Kitchen & Bath Design News recently posed the question to dealers and designers in the kitchen and bath industry: Will your firm be adding or eliminating design retainers in the future? Why or why not? Following are some of their responses:
“We’re actually doing a little bit of both. For larger homes we are actually increasing the amount of retainers. We used to have a blanket retainer and now we are doing it per room, so that will help reduce the shopping of our designs. We do designs without retainers but we do not give out copies. With that we are going to increase it on the higher-end jobs to try and maintain those clients here in the showroom without them going elsewhere.
For smaller projects where people are still shopping, we will design further and longer and sometimes still give out drawings because we are trying to show people how we can service them better and meet their needs better than the home centers or larger firms that can’t be quite as personable as we can. We started doing it this way a little over six months ago and I really feel like it has worked out well for us.
The economy also had a lot to do with the decision, but it was also a matter of getting an initial deposit out of people. That was very hard.
Basically what we’ve done is just tweaked how we always went about collecting design retainers because of the economic times we are all facing.
Overall though, it is not difficult because when we explain that for larger homes we may have 100 or 200 hours involved, then it establishes a [thorough] pre-qualification process. In effect, it is not a design retainer but a small initial deposit toward your order of cabinets.”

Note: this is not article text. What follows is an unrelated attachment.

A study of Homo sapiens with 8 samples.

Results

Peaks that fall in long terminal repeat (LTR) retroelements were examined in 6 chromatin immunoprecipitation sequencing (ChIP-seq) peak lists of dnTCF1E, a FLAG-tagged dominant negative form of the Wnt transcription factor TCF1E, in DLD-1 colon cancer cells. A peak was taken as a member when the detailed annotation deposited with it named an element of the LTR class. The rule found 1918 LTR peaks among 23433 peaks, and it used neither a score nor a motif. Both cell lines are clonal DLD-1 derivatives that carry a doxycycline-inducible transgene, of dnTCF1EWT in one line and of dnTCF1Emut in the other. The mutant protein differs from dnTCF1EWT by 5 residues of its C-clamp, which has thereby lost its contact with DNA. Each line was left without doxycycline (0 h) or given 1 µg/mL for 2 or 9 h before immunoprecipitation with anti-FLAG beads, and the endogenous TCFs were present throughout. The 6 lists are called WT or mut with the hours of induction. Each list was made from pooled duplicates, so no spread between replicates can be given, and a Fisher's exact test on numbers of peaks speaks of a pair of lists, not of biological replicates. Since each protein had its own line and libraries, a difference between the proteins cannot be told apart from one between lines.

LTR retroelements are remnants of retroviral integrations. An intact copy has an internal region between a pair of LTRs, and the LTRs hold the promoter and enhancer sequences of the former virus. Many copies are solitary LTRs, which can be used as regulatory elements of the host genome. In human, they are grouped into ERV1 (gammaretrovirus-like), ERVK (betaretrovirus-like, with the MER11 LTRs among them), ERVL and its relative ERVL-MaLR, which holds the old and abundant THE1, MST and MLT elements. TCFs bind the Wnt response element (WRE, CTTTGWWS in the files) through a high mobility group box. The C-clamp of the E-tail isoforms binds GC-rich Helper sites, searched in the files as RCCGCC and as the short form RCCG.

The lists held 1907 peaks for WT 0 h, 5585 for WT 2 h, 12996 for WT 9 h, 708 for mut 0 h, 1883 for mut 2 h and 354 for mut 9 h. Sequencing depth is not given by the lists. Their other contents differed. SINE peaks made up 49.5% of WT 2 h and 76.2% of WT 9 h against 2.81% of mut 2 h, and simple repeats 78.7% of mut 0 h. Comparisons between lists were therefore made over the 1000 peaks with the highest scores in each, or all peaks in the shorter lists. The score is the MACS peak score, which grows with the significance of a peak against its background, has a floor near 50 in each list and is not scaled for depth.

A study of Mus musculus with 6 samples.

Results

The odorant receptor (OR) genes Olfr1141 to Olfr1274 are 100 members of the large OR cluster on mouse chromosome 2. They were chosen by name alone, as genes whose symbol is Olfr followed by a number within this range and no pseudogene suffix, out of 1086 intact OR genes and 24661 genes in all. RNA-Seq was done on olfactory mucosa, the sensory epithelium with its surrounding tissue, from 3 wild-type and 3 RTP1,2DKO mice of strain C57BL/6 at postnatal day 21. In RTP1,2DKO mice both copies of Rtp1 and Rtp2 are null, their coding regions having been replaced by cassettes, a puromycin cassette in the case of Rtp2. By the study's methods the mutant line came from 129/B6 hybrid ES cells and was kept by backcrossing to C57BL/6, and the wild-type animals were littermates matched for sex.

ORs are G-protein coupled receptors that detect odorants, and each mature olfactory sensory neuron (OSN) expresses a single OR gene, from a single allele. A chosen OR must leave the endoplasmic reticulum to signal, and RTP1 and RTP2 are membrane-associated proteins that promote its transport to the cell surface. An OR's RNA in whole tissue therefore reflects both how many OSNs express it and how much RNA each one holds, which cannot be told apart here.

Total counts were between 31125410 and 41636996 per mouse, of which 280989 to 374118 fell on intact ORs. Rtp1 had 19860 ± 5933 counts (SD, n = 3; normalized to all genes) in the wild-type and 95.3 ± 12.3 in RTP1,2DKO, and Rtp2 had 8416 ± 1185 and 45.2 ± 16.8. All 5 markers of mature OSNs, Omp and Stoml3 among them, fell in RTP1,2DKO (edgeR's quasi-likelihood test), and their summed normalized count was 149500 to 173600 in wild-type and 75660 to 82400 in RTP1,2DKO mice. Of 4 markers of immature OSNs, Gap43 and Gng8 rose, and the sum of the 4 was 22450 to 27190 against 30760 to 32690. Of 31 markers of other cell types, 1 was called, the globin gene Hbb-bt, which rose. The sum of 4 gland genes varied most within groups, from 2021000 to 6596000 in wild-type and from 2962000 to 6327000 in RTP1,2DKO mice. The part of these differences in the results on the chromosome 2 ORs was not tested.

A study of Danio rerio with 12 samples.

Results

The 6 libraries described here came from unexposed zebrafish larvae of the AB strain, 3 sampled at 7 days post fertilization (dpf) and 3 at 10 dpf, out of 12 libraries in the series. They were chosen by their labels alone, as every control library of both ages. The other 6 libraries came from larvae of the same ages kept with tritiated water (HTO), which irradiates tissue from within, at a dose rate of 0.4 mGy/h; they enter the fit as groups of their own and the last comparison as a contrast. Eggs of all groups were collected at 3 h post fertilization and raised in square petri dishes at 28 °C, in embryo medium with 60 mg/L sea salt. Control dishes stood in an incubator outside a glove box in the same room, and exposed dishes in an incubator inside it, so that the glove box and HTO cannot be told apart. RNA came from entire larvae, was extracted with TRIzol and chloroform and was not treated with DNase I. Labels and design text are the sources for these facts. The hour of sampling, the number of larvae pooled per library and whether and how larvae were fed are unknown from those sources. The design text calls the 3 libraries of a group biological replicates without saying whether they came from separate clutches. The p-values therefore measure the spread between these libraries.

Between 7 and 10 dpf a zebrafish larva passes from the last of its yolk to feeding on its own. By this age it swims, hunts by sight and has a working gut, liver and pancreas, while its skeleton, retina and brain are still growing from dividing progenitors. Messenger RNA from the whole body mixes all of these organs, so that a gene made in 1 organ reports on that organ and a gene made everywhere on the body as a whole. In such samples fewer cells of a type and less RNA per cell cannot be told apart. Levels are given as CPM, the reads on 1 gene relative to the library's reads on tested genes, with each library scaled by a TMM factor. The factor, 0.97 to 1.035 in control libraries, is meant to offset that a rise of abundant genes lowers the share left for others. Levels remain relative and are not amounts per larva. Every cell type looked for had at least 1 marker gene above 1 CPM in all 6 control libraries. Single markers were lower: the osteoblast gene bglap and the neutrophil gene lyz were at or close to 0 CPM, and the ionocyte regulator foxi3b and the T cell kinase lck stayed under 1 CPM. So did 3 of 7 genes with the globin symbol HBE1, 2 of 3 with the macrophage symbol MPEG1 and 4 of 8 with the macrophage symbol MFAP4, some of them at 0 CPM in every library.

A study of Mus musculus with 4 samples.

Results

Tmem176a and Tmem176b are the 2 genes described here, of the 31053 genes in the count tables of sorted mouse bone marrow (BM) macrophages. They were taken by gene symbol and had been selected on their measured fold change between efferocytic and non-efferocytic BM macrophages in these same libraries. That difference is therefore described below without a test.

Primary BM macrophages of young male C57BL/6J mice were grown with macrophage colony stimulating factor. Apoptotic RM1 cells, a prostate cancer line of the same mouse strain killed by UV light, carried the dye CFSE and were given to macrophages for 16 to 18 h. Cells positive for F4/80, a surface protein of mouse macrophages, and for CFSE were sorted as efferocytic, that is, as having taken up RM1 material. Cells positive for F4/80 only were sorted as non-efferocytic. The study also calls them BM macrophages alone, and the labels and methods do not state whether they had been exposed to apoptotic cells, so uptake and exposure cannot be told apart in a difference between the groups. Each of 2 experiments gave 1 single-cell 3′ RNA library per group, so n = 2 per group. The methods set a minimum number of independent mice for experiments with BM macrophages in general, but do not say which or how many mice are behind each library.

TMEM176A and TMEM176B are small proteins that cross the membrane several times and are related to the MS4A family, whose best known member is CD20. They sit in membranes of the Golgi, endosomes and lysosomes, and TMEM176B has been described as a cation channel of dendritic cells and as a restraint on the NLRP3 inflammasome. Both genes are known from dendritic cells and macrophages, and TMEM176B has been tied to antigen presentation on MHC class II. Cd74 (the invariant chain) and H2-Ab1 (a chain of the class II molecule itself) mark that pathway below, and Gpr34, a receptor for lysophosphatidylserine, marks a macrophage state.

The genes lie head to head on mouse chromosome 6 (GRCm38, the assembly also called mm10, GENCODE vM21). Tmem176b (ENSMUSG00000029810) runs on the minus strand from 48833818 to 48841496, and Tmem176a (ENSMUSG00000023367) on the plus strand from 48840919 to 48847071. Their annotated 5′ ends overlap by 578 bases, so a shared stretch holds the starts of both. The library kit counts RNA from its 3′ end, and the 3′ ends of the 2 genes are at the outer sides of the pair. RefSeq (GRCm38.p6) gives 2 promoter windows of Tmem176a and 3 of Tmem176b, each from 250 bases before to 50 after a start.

Nancy Nygaard, owner
Studio Kitchens of Appleton
“We’ve never taken on a design retainer. If someone wants a specialty sink we will usually come up with a simple drawing for them based on what their needs are and what they like. We can always come up with a simple drawing and, if that is something they can do, we can work up a price and then we’ll get a deposit to work up the final drawings and proceed.
One thing we will charge for is we won’t do any concrete samples of our work because we do custom colors. The deposit is refundable except for a small portion that is used to cover the cost of the samples. I suppose that would be considered a design retainer.”
Jeff Kuryluk, president
“Right now we don’t have an up front retainer system in place, mainly because of the economy – it is tough enough out there as it is. I am only going to go so far with the amount of time we spend on something. Therefore, we do a basic pricing and a very simple drawing and if they want to go from there, then we charge a retainer.
A prime example of why we do not plan to charge an up front retainer is what happened to Home Expo – they wanted $750 to just come out to the house! However, they never had the personnel there to pull it all together – it was all too complicated. We may revisit this policy down the line, but overall I haven’t done too many high-end big jobs in this economy. We do a lot of refacing in this economy as well, in fact it is almost split evenly between refacing and new construction. If somebody comes in here and what they want is very unusual and a very complicated setup, then I charge a design fee, because it is going to take a lot of time to complete that project.”
Rob Reinhardt, owner/president
Robinwood Kitchen & Baths
Berkeley Heights, NJ
“We definitely still get design retainers and always have, however we come up with a conceptual design and budget allowances for all potential clients and for that there’s no charge. So once we get the project to a certain point, then we require a design retainer to create drawings and to be able to release things to them. Also, if there is any customization required for the project, then all of that is done during the retainer phase. That is the point we know it is a definite job and the job is going to be completed.